When the President Calls You 'Sleazy' on Twitter

Representative Adam Schiff reflects on a moment he probably knew was coming.

Adam Schiff stands with reporters.
Zach Gibson / Reuters

In some of his first public remarks since the president of the United States declared him “sleazy,” Adam Schiff denied the allegation, which Donald Trump made via Twitter this week. Trump “chose a poor descriptor because I don’t think that’s people’s impression of me,” the mellow Democrat from California told me. “I’ve been called a lot of things, but ‘sleazy’ isn’t one of them.”

Until, that is, the president branded him as the “totally biased Congressman looking into ‘Russia’” who “spends all of his time on television pushing the Dem loss excuse!” (“Sleazy” is a word that Trump has also affixed to Ted Cruz and Anthony Weiner.) And thus, in an instant, ended Schiff’s 57-year run of not being called sleazy. Schiff has since been widely described as such, in Twitter hashtags and by journalists reporting the day’s news, by legions of critics online, and even by some supporters hoping to reclaim the term. A colleague reached out to say he wanted to create a campaign button with the slogan, “I’m with sleazy,” Schiff recalled.

“My initial reaction [to Trump’s tweet] was I felt like Bill Murray in Ghostbusters—that I’d just been slimed,” said Schiff, who learned that the commander in chief had cast aspersions on his character shortly before boarding a flight from California to Washington, D.C.

“After being kind of amused by it, it really distressed me that the office of the presidency had sunk to this,” Schiff added.

Schiff’s distress, however, didn’t keep him from pinning his response to Trump’s tweet to the top of his Twitter feed (“With respect Mr. President, the problem is how often you watch TV, and that your comments and actions are beneath the dignity of the office”), or from fundraising off the incident. He acknowledged that he considered Trump’s insult a badge of honor. “I feel like I’m joining a proud society along with Meryl Streep and the cast of Hamilton,” he said. (Trump, you may recall, tweeted that Streep and the Hamilton cast were “overrated” after they criticized him and his administration. “I was hoping if he was going to attack me he would call me … the ‘highly overrated Adam Schiff,’” the congressman confided.)

Schiff noted, unprompted, that while Twitter is Trump’s preferred mode of communication, “our response to his tweet was much better-received than his original tweet.” (In the arithmetic of contemporary politics, Schiff’s correct, based on the stats as of press time: 128,000 likes + 44,000 retweets + 8,600 replies > 80,000 likes + 21,000 retweets + 39,000 replies.)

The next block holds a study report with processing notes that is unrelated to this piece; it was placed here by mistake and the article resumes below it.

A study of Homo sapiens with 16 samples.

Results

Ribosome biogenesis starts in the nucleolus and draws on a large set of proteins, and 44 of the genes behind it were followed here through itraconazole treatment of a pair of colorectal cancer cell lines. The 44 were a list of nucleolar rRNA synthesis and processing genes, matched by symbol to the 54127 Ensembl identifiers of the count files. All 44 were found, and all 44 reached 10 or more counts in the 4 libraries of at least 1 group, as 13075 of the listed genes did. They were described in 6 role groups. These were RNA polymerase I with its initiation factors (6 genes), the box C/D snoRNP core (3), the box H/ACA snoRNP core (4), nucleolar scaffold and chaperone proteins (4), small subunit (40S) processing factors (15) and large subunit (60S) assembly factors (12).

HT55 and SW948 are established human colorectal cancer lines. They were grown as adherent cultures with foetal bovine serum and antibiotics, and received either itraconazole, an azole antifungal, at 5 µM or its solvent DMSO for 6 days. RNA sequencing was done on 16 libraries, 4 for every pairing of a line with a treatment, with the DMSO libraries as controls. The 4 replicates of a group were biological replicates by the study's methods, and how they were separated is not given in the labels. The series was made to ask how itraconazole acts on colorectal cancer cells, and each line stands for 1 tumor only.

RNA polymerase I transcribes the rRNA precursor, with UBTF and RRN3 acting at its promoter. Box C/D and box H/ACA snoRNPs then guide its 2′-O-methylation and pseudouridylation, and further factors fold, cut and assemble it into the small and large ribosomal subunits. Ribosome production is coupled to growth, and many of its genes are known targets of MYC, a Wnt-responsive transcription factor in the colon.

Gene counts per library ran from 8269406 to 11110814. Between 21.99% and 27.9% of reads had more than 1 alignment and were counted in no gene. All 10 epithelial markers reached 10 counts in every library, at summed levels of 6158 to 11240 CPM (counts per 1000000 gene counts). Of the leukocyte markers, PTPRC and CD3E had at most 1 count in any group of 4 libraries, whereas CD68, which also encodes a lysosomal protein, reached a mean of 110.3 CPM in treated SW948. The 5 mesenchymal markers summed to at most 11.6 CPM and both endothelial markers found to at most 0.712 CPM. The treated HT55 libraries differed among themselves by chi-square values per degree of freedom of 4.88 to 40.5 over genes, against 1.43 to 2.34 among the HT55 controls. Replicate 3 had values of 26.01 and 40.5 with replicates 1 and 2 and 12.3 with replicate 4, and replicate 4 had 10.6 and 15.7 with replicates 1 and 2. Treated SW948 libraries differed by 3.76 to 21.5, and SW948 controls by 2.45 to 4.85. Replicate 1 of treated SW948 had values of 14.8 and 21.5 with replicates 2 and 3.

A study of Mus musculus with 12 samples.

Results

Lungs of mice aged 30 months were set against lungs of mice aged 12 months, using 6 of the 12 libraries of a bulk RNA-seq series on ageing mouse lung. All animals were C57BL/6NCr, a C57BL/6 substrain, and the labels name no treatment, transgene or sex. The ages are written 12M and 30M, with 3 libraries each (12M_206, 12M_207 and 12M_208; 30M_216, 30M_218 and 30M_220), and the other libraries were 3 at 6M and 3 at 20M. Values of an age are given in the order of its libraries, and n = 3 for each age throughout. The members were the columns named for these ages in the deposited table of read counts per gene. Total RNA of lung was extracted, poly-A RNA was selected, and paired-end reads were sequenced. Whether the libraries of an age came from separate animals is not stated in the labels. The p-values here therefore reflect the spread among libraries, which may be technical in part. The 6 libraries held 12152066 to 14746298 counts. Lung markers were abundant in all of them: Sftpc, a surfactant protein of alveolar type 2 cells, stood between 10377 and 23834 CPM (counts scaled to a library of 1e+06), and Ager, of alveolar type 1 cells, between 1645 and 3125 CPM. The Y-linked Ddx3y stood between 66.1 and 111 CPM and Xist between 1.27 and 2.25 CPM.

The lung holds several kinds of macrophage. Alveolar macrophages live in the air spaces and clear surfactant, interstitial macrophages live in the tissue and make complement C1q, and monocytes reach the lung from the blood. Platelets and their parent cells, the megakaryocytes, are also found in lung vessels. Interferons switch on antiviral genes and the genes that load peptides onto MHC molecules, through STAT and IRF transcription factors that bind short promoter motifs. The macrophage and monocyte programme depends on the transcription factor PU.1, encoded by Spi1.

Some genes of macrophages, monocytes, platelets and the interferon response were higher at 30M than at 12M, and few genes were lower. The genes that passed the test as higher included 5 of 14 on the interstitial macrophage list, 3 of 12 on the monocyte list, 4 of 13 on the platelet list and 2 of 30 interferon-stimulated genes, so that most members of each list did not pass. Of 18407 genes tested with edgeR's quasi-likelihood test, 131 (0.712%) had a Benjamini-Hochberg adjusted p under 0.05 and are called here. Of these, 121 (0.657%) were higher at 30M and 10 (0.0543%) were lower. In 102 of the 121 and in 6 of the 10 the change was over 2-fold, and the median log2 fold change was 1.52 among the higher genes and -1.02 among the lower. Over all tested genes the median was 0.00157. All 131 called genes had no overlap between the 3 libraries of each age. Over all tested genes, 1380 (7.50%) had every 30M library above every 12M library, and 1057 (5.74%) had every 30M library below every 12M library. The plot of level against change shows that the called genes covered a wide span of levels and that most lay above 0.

Schiff thinks Trump lashed out at him either because of a Face the Nation appearance a day earlier in which Schiff argued that Special Counsel Robert Mueller had the authority to investigate whether Russians laundered money through the Trump Organization—an uncorroborated allegation at this point—or because of a Fox News segment that was critical of those comments and aired only minutes before Trump’s tweet. (Hence Schiff calling out Trump’s TV-watching habits.)

But the sliming of Schiff is also part of a larger pattern: Trump dramatically ramping up efforts in recent days to discredit the leading sources of information on investigations into whether his campaign colluded with the Russian government, from condemning the “Failing New York Times” and “Amazon Washington Post” to chronicling the “conflicts of interest” of Special Counsel Mueller and Acting FBI Director Andrew McCabe.

The president “clearly views me as a threat,” said Schiff, who as the top Democrat on the House Intelligence Committee is deeply involved in that body’s inquiry into Russian interference in the 2016 U.S. presidential election. “I think he views me as an effective communicator, and wants to discourage me from doing that.”

This week, the White House publicized a report showing that since January, Schiff has spent a total of 14 hours, eight minutes, and 55 seconds on national television over the course of 123 interviews, while his counterpart on the Senate Intelligence Committee, Democrat Mark Warner, has spent nearly six hours on air. The chairwoman of the Republican National Committee accused the two lawmakers of appearing on TV to raise their own stature and bring down Trump rather than out of genuine concern about the results of the Russia investigations they’re helping lead. (“Adam Schiff walks around with a cutout of the Capitol above his head,” Trump adviser Kellyanne Conway recently scoffed.)

Schiff conceded that relative to the Russia probes, there are issues of greater “immediate concern to Americans” at the moment, such as whether millions of people could lose their health insurance under proposed Republican health-care legislation. But he defended his focus on Russian meddling in the 2016 campaign.

“Russia is trying to take down the idea of liberal democracy in the United States and around the world,” he told me. “We are in a new global war of ideas with Russia, where [Vladimir] Putin is leading the vanguard of the autocratic movement. ... Unfortunately, we have a president who is abdicating leadership of the free world.” Back home, however, he’s leading a local war of tweets.